Digital Transformation of an Energy Plant | SPONSORED
Located in Flintshire, North Wales, Connah’s Quay rests on the south bank of the River Dee. The current gas-fired power station was commissioned in 1996, although electricity generation activities have been operated on the land as far back as 1954, when it was originally home to a coal-fired plant. The changes the site has seen since those early days are testament to the ongoing evolution of how Britain’s energy needs are met.
In today’s energy landscape, Connah’s Quay has a vital role to play, efficiently and flexibly providing reliable energy – when the sun isn’t shining, and the wind isn’t blowing.
The story of energy at Connah’s Quay is one of adaptation, evolution and flexibility – a journey from coal to gas, and from constant 24-hour supply to agile response.
Digital Transformation in the UK Energy Sector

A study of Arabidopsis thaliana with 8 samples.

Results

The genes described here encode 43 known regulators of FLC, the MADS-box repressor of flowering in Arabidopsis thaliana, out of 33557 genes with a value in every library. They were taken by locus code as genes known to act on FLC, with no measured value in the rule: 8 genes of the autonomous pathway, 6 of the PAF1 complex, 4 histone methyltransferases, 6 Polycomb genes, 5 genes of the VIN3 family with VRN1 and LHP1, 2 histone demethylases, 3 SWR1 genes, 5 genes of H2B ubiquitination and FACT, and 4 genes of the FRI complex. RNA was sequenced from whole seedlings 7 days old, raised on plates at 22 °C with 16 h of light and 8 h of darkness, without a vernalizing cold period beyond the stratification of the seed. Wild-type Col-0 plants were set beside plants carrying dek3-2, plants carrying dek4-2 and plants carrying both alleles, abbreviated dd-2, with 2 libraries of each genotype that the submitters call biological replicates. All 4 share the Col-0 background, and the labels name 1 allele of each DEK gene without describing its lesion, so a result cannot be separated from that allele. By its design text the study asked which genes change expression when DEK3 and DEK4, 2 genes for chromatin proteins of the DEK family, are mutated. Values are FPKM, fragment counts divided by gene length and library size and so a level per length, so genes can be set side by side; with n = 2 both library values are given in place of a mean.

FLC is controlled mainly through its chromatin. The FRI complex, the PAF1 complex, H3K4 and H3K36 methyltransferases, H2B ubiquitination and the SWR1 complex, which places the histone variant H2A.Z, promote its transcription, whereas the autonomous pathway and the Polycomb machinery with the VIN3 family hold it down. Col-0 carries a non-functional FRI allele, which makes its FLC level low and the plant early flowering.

Supply security is as essential as ever in a world where the drive to decarbonize and provide cost-effective solutions continues apace. Variable demand and the intermittent supply from renewable power sources require agile and adaptable energy provision. Thanks to engineering ingenuity and capital investments geared towards reliability, flexibility and efficiency, Connah’s Quay can now be activated at short notice and its output scaled up or down as necessary to smooth out peaks and valleys in the energy system.
Continued advancements in technology and innovative solutions will potentially provide a new way to meet the challenges of intermittency, storage and delivery of Britain’s energy needs, when and where needed. In the near-term, gas-fired power stations like Uniper’s Connah’s Quay CCGTs (Combined cycle gas turbine) plant offer a tried and tested, cost effective, and flexible way of helping ensure Britain’s lights can be kept on.
Net Zero Emissions
The UK and Welsh Governments’ commitments to net zero emissions by 2050 require at-scale production and distribution of new, clean energy sources such as hydrogen.